The Marwood family

A tranquil River Leven as it flows through Great Ayton below the stone bridge.

The edifice on the left is the Marwood primary school which opened in 1851 when the Postgate school closed up the top end of the village. It was endowed by the Rev. George Marwood, a major landowner in the village whose ‘seat’ was Busby Hall1The British and Marwood Schools (Part of a Chapter from ‘Great Ayton -A History of the Village by Dan O’Sullivan’). [n.d.]. <http://greatayton.wdfiles.com/local–files/schools/The-British-and-Marwood-Schools.pdf> [accessed 5 August 2022]. This entailed paying for the salaries of the teachers, seemingly very generous but he was also entitled to receive the tithes amounting to one-tenth of all the crops produced in the parish on his land formerly belonging to Whitby Abbey.

There is no doubt that the Marwoods were very influential, Lords of the Wapentake of Langbarugh, and able to trace their family back at least to Edward Marwood de Nunthorpe who died in 1557. However the line neatly did a side step when Jane Turner was disinherited because she ran off with a Dutch officer who had been billeted with her family at Kirkleatham during the 1743 Jacobite rebellion2Jane’s mother was a Jane Marwood who had married Cholmley Turner of Kirkleatham.. Instead the estate was left to William Metcalfe, Jane’s 3rd cousin, provided he changed his name to Marwood — well, you would, wouldn’t you?

Such is the price of love.

As Lord of the Wapentake of Langbarugh, the Rev. George Marwood was aware of and very assertive of his rights. He tried to grab even more land when the Tees Navigation Company cut a channel in 1810 removing a massive meander in the River Tees. The case is very complicated and I can not hope to improve on the explanation by John Fairfax-Blakeborough3Blakeborough, J. Fairfax. “Life in a Yorkshire Village”. 1912. Page 55.:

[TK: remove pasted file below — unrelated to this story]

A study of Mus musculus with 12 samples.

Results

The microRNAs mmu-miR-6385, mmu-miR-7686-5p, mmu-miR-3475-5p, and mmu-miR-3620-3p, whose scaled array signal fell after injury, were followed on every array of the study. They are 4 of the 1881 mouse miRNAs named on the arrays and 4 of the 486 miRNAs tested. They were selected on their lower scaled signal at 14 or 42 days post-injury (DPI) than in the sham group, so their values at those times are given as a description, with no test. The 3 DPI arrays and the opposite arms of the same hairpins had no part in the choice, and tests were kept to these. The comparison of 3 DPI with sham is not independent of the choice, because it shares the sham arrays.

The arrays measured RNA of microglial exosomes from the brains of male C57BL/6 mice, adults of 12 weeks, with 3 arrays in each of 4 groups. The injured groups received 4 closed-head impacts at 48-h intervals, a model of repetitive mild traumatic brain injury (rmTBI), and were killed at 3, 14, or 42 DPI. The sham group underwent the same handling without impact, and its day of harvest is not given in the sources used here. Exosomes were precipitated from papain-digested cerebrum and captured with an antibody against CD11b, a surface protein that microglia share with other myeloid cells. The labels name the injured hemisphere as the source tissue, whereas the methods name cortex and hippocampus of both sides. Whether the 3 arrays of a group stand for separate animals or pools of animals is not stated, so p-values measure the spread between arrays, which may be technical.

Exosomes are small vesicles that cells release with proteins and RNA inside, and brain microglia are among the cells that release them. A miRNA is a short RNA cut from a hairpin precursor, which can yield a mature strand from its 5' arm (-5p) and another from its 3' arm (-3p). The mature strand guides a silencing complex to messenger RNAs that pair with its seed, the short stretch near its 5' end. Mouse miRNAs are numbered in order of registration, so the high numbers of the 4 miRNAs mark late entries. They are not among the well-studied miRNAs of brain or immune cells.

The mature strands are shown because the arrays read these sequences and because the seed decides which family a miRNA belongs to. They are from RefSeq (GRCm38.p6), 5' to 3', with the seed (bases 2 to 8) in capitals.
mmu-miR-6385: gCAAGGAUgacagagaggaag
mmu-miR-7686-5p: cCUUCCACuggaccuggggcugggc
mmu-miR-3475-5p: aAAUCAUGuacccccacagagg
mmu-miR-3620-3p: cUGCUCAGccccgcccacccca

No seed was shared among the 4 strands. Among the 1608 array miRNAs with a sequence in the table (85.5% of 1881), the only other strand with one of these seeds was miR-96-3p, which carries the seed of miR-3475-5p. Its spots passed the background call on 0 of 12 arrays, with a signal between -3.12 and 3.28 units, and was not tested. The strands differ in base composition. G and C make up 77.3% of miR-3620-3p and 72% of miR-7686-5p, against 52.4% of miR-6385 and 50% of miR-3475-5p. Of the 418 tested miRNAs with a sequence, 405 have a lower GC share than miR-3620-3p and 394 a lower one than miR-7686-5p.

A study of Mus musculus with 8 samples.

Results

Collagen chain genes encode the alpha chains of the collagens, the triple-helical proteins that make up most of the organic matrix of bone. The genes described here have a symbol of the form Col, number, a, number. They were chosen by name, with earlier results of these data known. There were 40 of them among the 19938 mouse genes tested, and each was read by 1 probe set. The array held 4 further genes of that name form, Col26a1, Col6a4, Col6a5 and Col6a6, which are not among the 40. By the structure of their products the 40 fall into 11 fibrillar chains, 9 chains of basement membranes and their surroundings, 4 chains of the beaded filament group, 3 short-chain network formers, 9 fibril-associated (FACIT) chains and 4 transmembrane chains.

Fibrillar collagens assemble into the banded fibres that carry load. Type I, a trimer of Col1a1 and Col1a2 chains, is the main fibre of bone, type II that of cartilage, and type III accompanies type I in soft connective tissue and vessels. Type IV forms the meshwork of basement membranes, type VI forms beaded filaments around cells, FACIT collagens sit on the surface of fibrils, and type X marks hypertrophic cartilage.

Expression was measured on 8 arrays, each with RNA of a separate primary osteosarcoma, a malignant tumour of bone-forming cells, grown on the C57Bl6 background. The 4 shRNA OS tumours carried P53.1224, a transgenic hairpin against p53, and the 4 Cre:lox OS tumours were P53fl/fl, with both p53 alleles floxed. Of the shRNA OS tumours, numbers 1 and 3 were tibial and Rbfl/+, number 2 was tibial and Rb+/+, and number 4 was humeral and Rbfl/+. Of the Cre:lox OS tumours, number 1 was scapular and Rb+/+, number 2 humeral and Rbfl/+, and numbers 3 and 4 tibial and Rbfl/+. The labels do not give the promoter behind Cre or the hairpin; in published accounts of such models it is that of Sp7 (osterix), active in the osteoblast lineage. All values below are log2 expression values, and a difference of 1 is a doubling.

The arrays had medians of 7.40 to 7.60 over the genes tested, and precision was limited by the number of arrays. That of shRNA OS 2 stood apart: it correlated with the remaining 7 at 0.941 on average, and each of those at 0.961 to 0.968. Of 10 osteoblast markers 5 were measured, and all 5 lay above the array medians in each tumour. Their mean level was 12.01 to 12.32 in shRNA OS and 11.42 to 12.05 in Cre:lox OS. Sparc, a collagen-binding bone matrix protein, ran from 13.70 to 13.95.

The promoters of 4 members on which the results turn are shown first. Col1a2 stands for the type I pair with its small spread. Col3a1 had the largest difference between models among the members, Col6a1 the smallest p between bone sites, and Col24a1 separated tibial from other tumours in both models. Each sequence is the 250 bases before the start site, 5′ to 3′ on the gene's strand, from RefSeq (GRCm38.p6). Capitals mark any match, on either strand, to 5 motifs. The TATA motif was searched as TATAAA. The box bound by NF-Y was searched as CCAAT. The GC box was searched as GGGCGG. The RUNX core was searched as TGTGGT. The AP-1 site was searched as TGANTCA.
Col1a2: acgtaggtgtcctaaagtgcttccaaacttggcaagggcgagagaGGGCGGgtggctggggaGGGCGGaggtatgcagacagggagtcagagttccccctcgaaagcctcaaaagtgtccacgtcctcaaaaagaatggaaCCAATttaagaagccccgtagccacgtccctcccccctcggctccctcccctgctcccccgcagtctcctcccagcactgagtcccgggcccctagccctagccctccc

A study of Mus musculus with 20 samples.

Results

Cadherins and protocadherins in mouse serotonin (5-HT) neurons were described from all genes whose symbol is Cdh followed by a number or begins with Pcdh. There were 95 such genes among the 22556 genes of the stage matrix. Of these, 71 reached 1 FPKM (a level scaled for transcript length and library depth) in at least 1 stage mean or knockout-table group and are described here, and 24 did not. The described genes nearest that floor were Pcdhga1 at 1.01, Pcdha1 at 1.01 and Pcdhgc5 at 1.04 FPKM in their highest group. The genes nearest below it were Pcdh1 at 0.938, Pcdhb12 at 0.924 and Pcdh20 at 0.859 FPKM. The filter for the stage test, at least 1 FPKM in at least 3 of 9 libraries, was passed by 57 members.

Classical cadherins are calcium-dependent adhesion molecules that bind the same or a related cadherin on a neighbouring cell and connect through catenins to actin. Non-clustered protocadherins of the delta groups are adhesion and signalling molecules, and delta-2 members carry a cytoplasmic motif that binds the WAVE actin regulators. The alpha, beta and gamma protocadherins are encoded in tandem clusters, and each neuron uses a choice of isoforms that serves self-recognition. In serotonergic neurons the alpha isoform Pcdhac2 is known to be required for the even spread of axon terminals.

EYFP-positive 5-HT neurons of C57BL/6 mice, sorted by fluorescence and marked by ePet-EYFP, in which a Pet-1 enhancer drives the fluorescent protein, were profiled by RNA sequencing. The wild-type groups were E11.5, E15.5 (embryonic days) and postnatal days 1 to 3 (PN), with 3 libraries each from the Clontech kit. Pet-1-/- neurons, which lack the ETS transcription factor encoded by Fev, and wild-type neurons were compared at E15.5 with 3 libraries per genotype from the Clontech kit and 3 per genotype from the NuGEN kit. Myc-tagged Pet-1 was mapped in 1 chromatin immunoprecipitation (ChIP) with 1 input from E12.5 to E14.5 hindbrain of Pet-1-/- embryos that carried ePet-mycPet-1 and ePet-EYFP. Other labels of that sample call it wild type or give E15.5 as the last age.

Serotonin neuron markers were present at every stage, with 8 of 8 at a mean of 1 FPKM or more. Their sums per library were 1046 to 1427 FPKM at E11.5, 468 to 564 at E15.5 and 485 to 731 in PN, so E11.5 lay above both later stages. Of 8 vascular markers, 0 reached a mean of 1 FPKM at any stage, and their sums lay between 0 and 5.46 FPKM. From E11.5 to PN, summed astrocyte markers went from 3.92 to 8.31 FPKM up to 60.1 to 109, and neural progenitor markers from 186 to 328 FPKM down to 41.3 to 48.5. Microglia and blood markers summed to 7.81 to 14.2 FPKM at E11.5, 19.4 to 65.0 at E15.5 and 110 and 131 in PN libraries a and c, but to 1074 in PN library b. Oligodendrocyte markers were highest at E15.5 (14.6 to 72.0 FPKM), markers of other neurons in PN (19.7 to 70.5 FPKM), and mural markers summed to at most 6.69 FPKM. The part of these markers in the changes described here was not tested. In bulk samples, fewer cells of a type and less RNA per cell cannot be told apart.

In March 1841, there was a curious law-suit tried at York between the Rev. George Marwood and the Earl of Harewood and others. It arose in this way. In 1207 King John had granted to Peter de Brus, tor a substantial consideration, the Wapentake of Langbarugh with its appurtenances. There was, however, no definition of the latter very comprehensive term, but neither was there limitation and the successive owners of the franchise developed it not a little so that when in the reign of James I the crown lawyers combatted certain rights, they were unsuccessful. By hereditary right the grant eventually came to the Rev. George Marwood of Busby Hall, and he endeavoured to make it include to the grantee the Crowns undoubted property in so much of the soil of the Wapentake as was covered at high water by ordinary spring tides, and therefore that when from any cause the tide ceased to flow over any portion of it, which thereby became reclaimed land, such land belonged to him as Lord of the Wapentake and not to the owner of the adjoining ancient lands. Now when the Tees Navigation Company cut the new channel in 1810, they did not close the old one, and the tide continued to flow through it until, in 1829, the operations of the Stockton and Darlington Railway Co., closed it at one end, and so much of the old channel as adjoined Lord Harewood’s land gradually dried. By the time of the trial, it had become perfectly dry and Lord Harewood’s tenant had occupied it. Mr. Marwood now set up a claim to the Yorkshire half of it, for the Wapentake only extended to midstream ; all beyond that belonged to the County of Durham, and therefore to the Bishop as Prince Palatine. He failed, however, to establish his claim, though the judge in his summing up said : “It appears to me that it is shown Mr Marwood has in him the rights, whatever they were, that belonged to the person he is lineally descended from. No question has been made on the past of the defendants about that, and, therefore, I will not trouble you with the deed, …. which only went to show steps in the pedigree, and to identify the Rev. Mr. Marwood of the reign of Queen Victoria, with the Lord de Bruce of the reign of King John. We will take it that if Lord de Bruce had lived until this time he would have stood in Mr. Marwood’s situation.”